In one of the last-ever photographs taken of John Lennon (1940-1980), the ex-Beatle can be seen outside his home at the Dakota Building in New York, personally signing a copy of his last album Double Fantasy for a fan.
Several hours later, Lennon would be dead after being shot four times in the back. Lennon's murderer was the same fan with whom his picture had been taken: Mark Chapman, a former Christian counselor with a history of mental illness.
While Chapman languishes in a New York jail, John Lennon's legacy continues to reinvigorate itself - most recently with this year's reissuing of his solo albums to coincide with what would have been his 70th anniversary, as well as the 30th anniversary of this death.
As Lennon's legacy grows, so too does the value of his memorabilia. According to the industry's PFC40 Autographs Index, Lennon's autograph has risen in value by 756.1% over the past 10 years - a significant leap from £695 to £5,950.
Anniversaries tend to boost the values of collectibles, so it's no surprise that a number of Lennon items have appeared on the markets this year. Big sales include an auction at Bonhams, whose lots include signed Lennon lyrics and two of his Ivor Novello awards for songwriting.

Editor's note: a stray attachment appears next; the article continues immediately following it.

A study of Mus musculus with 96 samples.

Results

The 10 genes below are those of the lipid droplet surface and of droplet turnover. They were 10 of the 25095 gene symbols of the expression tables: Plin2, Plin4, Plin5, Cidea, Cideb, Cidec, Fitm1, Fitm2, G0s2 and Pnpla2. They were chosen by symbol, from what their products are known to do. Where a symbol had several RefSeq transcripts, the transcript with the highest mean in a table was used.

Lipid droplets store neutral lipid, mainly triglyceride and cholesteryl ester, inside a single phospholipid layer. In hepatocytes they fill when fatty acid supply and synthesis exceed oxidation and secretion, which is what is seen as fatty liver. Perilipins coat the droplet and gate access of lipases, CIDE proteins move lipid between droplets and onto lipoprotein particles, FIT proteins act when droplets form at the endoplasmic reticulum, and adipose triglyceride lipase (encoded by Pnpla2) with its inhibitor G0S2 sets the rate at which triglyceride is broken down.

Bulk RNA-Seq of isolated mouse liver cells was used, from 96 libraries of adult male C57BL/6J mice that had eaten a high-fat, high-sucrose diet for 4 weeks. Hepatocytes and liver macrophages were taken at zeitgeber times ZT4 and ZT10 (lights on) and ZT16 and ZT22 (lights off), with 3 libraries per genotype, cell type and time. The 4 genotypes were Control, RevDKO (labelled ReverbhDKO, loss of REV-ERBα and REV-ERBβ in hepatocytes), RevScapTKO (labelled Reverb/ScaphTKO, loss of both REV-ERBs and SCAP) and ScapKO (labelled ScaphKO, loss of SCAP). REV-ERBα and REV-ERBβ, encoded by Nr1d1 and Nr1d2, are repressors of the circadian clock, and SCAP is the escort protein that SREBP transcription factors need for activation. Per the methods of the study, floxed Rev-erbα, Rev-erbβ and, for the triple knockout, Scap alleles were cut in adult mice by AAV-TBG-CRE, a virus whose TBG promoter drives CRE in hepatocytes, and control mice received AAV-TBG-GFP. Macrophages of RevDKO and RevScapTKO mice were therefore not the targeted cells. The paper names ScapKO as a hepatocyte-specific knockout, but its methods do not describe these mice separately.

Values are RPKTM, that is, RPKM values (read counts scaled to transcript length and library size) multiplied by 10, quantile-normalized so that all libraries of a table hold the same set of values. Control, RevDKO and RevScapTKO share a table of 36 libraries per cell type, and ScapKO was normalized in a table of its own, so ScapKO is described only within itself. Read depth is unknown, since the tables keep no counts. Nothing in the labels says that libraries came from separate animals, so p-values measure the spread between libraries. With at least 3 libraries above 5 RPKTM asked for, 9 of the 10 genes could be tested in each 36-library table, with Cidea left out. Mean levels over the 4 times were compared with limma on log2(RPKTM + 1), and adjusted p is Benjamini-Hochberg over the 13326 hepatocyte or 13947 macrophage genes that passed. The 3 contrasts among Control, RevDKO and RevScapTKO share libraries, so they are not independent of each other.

Meanwhile, collectors remain fascinated by the 'firsts' and 'lasts' of John Lennon's life, whether it's his earliest-known autograph or his last-ever signature.
And among these lasts is an item that's as coveted as it is controversial: the signed copy of Double Fantasy that Lennon signed by Mark Chapman outside the Dakota Building on December 8, 1980.
Almost exactly 30 years after Lennon signed it, collectors will have a chance to own this signed Double Fantasy LP when it is auctioned in New York on December 7, the eve of the anniversary of Lennon's death.
Billed by the auction house as "the most extraordinary artefact in rock and roll history," the signed LP is estimated at $850,000. It was reportedly discovered by a maintenance man at the scene of Lennon's death.
This isn't the first time the LP has been on the market. It was previously sold to a private buyer in 1999 for approximately $460,000.
Not only does the LP bear Lennon's signature, its cover and dust jacket also contain forensically enhanced fingerprints of Chapman. In fact, it offered crucial evidence against Chapman was turned in to police and then returned to the owner with a letter of gratitude from the District Attorney.
If the Double Fantasy LP meets expectations and sells for $850,000, it will have almost doubled in value over the last decade. The fact that the average value of a Lennon autograph appreciated by 756.1% in that time will make this sale even more fascinating when it takes place, next month.